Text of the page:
The new St. Philip the Apostle Catholic Church campus is a design of McCrery Architects, combining the rich tradition of sacred architecture with modern technique.
The new Church and Campus are designed in the style of a Medieval Country Church. This style was chosen for our area for a number of reasons:
St. Philip's Church Site Master Plan - Beginning with the large building on the left and moving clockwise, the buildings are: RE Building and Cloister, Church, Office and Cloister, Parish Hall, and, farther right, Rectory. The road indicated on the left edge of the drawing is Cross Timbers (1171).
The Site Plan
- The Medieval Church was the center of its community and culture in a time that is called the "Age of Faith". Entire communities organized themselves around churches like this one, and for that reason, this style is an authentically "Catholic" one.
- This style of church was designed to be modest in scale and in material while nonetheless being the most important building in the surrounding countryside. It represents the correct place of God in our lives - both central and visible.
- The Town of Flower Mound restricts the height of buildings. We need to keep as close to the height restriction as possible and this style of Church allows us to keep a fairly low profile.
- Our active parish requires a number of adjoining buildings to allow space for our ministries and events: the Parish Hall, offices, classrooms, and meeting spaces. The Medieval church often included neighboring buildings, and so the style adapts readily to our modern parish setting.
McCrery Architects carefully studied the beautiful wooded acreage where we will build the new campus and developed this Site Master Plan based on our particular needs.
- In this plan, the Church occupies the top of our hill, and the center of our complex, since it is the most important building on our campus.
- The Parish Office Building forms a cloister with the church, making a quiet and prayerful space for our Columbarium.
- We have also used the cloister style in the RE Building, allowing us to preserve almost all of the venerable trees on our property.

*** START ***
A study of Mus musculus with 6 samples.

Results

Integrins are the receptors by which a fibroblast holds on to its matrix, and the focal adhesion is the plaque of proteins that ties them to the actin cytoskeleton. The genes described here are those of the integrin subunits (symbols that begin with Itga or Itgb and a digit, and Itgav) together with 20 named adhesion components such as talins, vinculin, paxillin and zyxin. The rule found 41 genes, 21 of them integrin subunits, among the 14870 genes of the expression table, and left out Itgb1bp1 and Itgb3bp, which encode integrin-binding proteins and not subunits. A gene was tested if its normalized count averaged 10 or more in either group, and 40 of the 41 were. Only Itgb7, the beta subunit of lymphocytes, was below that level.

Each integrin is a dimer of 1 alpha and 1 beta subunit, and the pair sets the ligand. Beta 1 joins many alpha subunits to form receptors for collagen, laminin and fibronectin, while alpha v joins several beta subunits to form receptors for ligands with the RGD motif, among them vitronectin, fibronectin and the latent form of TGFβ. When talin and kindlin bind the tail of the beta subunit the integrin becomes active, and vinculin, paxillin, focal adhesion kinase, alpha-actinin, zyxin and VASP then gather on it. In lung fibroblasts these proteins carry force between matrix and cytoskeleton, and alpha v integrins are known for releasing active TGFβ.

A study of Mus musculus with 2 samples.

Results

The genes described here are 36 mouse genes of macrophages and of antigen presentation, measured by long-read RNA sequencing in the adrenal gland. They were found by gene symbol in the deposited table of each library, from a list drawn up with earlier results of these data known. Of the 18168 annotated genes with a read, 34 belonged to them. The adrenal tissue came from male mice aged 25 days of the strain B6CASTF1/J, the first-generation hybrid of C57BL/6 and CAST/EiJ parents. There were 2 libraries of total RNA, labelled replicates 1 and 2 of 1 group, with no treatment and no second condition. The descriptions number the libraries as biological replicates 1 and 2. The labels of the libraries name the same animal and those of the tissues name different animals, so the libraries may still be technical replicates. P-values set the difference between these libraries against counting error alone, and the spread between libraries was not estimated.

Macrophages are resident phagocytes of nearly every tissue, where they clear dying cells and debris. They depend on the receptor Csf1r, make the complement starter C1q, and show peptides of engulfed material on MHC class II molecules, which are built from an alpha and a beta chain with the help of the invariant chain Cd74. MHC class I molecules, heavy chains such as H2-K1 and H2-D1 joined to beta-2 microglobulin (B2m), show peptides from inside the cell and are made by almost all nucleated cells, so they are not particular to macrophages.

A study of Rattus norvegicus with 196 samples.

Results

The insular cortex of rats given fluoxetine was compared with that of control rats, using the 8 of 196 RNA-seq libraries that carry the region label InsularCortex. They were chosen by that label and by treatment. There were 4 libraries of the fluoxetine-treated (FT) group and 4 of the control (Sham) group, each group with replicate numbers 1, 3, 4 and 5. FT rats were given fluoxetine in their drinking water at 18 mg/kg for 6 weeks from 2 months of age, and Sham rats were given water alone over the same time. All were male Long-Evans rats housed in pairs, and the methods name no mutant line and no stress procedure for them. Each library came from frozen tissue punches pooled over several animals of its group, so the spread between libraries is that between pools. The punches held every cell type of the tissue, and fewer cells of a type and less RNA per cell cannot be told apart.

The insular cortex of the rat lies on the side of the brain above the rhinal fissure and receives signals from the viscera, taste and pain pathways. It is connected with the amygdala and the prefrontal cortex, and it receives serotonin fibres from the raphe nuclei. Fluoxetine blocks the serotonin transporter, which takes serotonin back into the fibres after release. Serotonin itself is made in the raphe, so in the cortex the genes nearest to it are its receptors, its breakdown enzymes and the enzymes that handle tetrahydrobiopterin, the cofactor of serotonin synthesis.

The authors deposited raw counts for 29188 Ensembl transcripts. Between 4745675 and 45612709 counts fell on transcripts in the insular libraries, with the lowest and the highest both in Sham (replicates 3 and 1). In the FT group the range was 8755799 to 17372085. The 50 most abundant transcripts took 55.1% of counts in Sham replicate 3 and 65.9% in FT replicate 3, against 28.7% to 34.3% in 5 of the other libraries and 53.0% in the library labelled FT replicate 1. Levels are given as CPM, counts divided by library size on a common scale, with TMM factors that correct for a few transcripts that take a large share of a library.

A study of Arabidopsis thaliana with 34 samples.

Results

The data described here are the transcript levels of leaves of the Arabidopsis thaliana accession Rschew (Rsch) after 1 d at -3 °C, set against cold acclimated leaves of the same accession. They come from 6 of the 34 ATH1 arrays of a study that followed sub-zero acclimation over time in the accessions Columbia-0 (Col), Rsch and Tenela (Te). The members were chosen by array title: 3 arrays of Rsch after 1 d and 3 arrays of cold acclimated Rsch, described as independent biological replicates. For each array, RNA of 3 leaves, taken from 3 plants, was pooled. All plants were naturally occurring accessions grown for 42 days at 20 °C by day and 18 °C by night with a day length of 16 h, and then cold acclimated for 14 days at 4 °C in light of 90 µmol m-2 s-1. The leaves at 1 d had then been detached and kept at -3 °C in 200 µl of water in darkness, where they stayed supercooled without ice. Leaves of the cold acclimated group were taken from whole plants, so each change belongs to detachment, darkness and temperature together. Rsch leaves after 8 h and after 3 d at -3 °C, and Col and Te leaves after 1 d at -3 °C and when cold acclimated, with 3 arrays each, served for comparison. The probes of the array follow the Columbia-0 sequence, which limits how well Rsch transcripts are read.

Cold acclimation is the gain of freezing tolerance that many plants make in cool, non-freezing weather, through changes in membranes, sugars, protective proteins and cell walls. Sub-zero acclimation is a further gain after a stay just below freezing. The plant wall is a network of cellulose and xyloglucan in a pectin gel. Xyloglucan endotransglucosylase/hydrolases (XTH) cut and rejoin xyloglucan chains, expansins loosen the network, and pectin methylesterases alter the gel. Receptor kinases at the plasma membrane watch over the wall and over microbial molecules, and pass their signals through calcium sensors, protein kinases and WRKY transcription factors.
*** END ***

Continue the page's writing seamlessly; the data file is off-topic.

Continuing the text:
Front view of the Church and surrounding buildings as they will be seen from the parking lot
The Church Floorplan - The drawing reads from top down: Tabernacle, Altar, Nave, Narthex
- The Parish Hall has been placed to be easily accessible from the parking lot as well as the church. The front entrance opens onto the driveway in front of the church, while the back entrance will also be paved to serve as a loading dock.
- The access from Flower Mound Road (top right) leads to a roundabout traffic circle to allow easy passage of traffice in multiple directions on our campus. From the traffic circle, one may either drive directly up to the church for drop-off or handicap parking, or proceed into our 600-space parking lot.
- A large portion of our land remains for future growth! For now, it can be used for recreational playing fields and our parish festival.
The Church is designed for the celebration of the sacrifice of the Mass, and incorporates our liturgical theology and heritage of sacred architecture into an eminently efficient modern building.
Interior view of the Church looking towards the altar and sanctuary
- The altar is placed on an elevated platform within the large square crossing tower where it can easily be seen by the faithful.
- The church is at the same time the sanctuary of Our Lord's presence in the Holy Eucharist at all times, and so the tabernacle is centrally located within the same focal point as the altar: in the below picture, it is the small pointed object immediately behind the altar.
- As a whole, the church floorplan is meant to respresent the Mystical Body of Christ, with Christ Himself at the head, and the members, the faithful, joined to Him and pointing towards Him.
- The Church connects with the parish offices at the lower right and with the RE building at the lower left.
- The small, chapel-type building that is attached to the left side of the Church is our Eucharistic Adoration Chapel. The Adoration Chapel is designed to eventually accommodate Perpetual Adoration, with a separate, secure, and handicap accessible entrance leading up from the RE Building.
The whole church should be arranged so as to invite adoration and contemplation even when there are no celebrations. One must long to frequent it in order to meet the Lord there .... The Church, by its beautiful liturgical layout... its tabernacle radiating Christ's real presence, should be the beautiful house of the Lord and of His Church, where the faithful love to recollect themselves in the silence of adoration and contemplation. Every church must be "praying" even when no liturgical celebrations are taking place; it must be a place where, in a restless world, one can meet the Lord in peace.”